Time to plan how to minimize tax bill

Published 12:00 am Sunday, October 21, 2007

The end of 2007 is happening upon us faster than we think. With the year drawing to a close, now is an ideal time to review your tax situation and evaluate strategies that may help minimize your tax bill.

Year-end tax planning tips typically fall into two general groups: (1) the traditional strategies that have proven themselves useful year after year, and (2) new opportunities that have arisen from recent changes to the tax laws.

One of the most fundamental year-end planning techniques involves accelerating deductible expenses in 2007 and deferring income, if economically feasible, into 2008. By delaying taxable income you defer taxes. Delaying taxable income may also prevent you from losing lucrative tax breaks that can be reduced or eliminated altogether as your income level rises and propels you into a higher tax bracket.


The end of year is an ideal time to examine your investments (winners and losers over the course of the year) to take the steps necessary to minimize your capital gains income and maximize the benefit of any capital losses. Long-term capital losses can be used to fully offset long-term capital gains. Losses taken in excess of gains can also be used to offset up to $3,000 in ordinary income.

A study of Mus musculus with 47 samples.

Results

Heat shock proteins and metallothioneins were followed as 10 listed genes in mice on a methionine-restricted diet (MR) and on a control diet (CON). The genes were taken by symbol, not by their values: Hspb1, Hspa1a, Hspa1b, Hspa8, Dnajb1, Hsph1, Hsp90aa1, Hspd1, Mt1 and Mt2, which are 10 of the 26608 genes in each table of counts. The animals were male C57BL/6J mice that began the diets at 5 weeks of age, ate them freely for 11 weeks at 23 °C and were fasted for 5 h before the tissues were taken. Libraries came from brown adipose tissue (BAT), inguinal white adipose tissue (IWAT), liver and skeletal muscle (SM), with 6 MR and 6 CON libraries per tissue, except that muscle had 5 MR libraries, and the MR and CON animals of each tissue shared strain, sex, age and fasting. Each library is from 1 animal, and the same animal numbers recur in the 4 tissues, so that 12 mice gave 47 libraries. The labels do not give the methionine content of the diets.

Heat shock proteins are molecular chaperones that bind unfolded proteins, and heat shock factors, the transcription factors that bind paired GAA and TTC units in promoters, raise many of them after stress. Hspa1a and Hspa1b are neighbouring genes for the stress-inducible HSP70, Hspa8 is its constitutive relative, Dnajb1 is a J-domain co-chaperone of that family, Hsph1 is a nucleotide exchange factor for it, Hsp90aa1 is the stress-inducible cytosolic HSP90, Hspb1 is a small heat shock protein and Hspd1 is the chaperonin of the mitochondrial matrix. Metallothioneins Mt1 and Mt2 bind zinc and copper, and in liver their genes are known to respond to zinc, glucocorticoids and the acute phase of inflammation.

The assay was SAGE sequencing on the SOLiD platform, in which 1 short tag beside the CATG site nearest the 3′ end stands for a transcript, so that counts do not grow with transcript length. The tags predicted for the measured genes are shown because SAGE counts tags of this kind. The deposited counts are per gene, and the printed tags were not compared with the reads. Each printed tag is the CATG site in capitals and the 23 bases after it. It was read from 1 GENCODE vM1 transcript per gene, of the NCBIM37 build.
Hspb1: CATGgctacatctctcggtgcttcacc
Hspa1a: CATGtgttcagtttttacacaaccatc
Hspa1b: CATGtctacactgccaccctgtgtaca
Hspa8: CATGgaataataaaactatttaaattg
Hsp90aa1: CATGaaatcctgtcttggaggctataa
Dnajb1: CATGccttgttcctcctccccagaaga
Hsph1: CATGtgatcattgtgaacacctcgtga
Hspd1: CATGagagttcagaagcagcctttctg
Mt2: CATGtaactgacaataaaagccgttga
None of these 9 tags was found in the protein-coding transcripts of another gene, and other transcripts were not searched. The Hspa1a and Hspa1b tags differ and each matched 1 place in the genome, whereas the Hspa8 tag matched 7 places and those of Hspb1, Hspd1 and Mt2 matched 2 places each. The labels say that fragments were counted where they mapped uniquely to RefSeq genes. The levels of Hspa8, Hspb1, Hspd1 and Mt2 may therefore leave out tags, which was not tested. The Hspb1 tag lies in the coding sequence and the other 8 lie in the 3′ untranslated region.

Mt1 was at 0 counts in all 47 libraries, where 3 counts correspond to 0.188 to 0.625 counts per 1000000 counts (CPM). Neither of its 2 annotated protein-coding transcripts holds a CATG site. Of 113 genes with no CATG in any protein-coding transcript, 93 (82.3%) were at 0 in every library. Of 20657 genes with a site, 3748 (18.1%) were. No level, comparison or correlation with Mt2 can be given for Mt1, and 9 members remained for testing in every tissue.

Year-end planning for 2007 also involves maximizing annual contributions to your retirement plan accounts, since one year’s limit cannot be added to the next year’s if not taken in time. While contributions to IRAs may be applied retroactively if made before the filing deadline, contributions to qualified plans must be made before the end of the calendar year.

Tax law changes constantly, and therefore so must individual tax planning. Tax year 2007 is no exception. The Small Business and Work Opportunity Tax Act of 2007 introduced a number of tax incentives for small business, but included a few pitfalls for individuals. For 2007, a child under the age of 18 is subject to the “kiddie tax”. But in 2008, the applicable age rises and the kiddie tax will apply to a child under the age of 19 and full-time students under age 24. Despite being one of the more popular tax breaks, the deduction for state and local sales taxes is not permanent and is set to expire at the end of 2007. Premiums paid or accrued in 2007 for qualified mortgage insurance are deductible as qualified residence interest. The insurance must be carried on acquisition indebtedness for a qualified residence. Taxpayers may deduct qualifying tuition and fees paid in 2007 that are required for the student’s enrollment or attendance at a post-secondary school.

Full-time teachers, instructors, counselors, and other educators can deduct up to $250 worth of books, supplies, software, and other qualifying materials that they provide out of pocket expenses.

Also set to expire in 2008 is the enhanced deduction for contributions of real property interests dedicated exclusively for conservation purposes.

With the complexity of the tax law, understanding what tax planning provisions to incorporate into your year-end tax planning strategy can be a daunting task.

Benny Jeansonne is a partner with the firm of Silas Simmons, LLP, Certified Public Accountants in Natchez, Mississippi.